By Karen Rosenthal, DVM, MS
Can my rabbits catch parvo? I had a pup die about a year ago from parvo, and I just wanted to know if my rabbit could contract it from the soil.
Fortunately, rabbits are not prone to infection by the parvovirus that attacks dogs. There is no danger in allowing your rabbit on or near an area where an animal previously lived that was infected with parvovirus.
Parvovirus is a very serious and sometimes fatal disease in dogs, but it does not infect rabbits. This is why we do not need to give rabbits parvovirus vaccines when they come in for their yearly examination.
In fact, in the United States, there are no yearly vaccines that we give to pet rabbits. Vaccines that we have for dogs and cats for ailments, such as distemper, hepatitis and leukopenia, do not attack rabbits. It is unnecessary to protect rabbits from such viruses by vaccination.
One very serious virus, however, can infect rabbits — the rabies virus. Rabies virus is almost 100 percent fatal to any animal that is infected if that animal has not been vaccinated against this disease. Most warm-blooded animals are potentially at risk for developing rabies virus.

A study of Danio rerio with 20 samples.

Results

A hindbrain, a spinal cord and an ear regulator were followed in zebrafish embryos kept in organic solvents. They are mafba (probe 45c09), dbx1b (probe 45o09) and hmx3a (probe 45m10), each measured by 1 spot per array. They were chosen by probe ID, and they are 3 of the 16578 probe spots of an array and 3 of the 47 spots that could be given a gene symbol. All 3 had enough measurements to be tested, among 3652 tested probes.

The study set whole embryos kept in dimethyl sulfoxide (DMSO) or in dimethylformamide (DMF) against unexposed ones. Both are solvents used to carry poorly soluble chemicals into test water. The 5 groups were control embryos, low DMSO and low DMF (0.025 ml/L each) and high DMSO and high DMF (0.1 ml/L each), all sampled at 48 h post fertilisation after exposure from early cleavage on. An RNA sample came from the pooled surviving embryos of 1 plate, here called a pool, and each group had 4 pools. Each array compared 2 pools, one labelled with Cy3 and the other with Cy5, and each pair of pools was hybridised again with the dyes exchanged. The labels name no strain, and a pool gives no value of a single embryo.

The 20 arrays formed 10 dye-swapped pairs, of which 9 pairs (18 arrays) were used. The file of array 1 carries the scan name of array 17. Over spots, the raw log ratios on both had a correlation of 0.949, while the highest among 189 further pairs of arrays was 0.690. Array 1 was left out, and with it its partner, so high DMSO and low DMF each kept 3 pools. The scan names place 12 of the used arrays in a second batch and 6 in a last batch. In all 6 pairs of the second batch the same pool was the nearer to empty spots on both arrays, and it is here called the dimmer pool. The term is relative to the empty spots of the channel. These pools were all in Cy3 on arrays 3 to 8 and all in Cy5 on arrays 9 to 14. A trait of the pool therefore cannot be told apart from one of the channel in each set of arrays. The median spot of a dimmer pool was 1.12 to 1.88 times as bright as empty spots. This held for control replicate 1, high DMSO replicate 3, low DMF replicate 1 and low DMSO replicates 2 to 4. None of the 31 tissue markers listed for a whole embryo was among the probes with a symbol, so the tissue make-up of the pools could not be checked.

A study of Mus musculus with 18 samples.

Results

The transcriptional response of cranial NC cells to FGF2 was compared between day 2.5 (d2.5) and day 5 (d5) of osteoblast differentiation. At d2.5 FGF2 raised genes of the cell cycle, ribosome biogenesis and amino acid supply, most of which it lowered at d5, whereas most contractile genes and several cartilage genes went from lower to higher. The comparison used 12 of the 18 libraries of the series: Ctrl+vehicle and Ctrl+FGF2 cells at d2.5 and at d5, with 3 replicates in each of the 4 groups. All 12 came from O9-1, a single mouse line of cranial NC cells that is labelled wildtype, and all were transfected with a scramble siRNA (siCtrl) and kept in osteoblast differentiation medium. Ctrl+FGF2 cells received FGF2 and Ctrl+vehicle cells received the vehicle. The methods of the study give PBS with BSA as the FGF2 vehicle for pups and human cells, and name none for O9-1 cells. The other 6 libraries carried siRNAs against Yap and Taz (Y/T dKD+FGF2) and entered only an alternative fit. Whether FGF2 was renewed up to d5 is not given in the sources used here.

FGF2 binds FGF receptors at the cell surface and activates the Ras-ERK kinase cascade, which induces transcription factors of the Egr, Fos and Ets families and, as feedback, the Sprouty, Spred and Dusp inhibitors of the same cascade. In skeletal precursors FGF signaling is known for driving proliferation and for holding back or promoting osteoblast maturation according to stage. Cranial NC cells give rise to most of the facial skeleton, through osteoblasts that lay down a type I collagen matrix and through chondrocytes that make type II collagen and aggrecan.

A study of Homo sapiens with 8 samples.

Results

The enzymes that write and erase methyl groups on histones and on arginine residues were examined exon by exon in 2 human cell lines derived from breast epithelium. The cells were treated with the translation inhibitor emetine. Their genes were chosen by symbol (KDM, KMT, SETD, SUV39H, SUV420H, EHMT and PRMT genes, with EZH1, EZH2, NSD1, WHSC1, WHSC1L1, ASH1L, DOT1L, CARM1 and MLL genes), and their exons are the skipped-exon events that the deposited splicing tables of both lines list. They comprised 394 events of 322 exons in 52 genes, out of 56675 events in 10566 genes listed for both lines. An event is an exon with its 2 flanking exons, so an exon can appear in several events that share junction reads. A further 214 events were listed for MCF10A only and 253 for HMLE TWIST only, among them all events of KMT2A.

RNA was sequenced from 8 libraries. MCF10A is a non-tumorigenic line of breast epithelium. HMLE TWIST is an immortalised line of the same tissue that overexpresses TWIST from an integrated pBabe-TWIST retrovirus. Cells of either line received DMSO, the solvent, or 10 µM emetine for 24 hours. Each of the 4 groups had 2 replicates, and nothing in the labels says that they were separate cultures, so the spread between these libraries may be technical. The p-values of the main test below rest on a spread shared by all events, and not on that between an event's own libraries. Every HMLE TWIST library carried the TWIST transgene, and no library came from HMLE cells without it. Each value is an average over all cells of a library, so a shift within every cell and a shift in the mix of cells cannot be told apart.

We routinely do not give rabies virus vaccine to rabbits for three reasons. One, rabies virus is less likely to infect a rabbit versus a more likely host, such as a raccoon or bat. Two, most pet rabbits live a lifestyle that puts them at a lesser risk for being bitten than, for example, a dog that must be walked outdoors or cats that may roam a neighborhood. Third, there are no USDA-licensed rabies virus vaccines for use in rabbits. Therefore, vaccination of a rabbit for rabies virus is considered “off-label,” and there is no scientific data to determine if the rabies virus vaccine is safe and effective in rabbits.
In areas where rabies is common, we warn owners not to keep rabbits outdoors. If a rabbit has to be outside, it is extremely important to protect them from being bitten or scratched by dogs, raccoons, skunks and bats.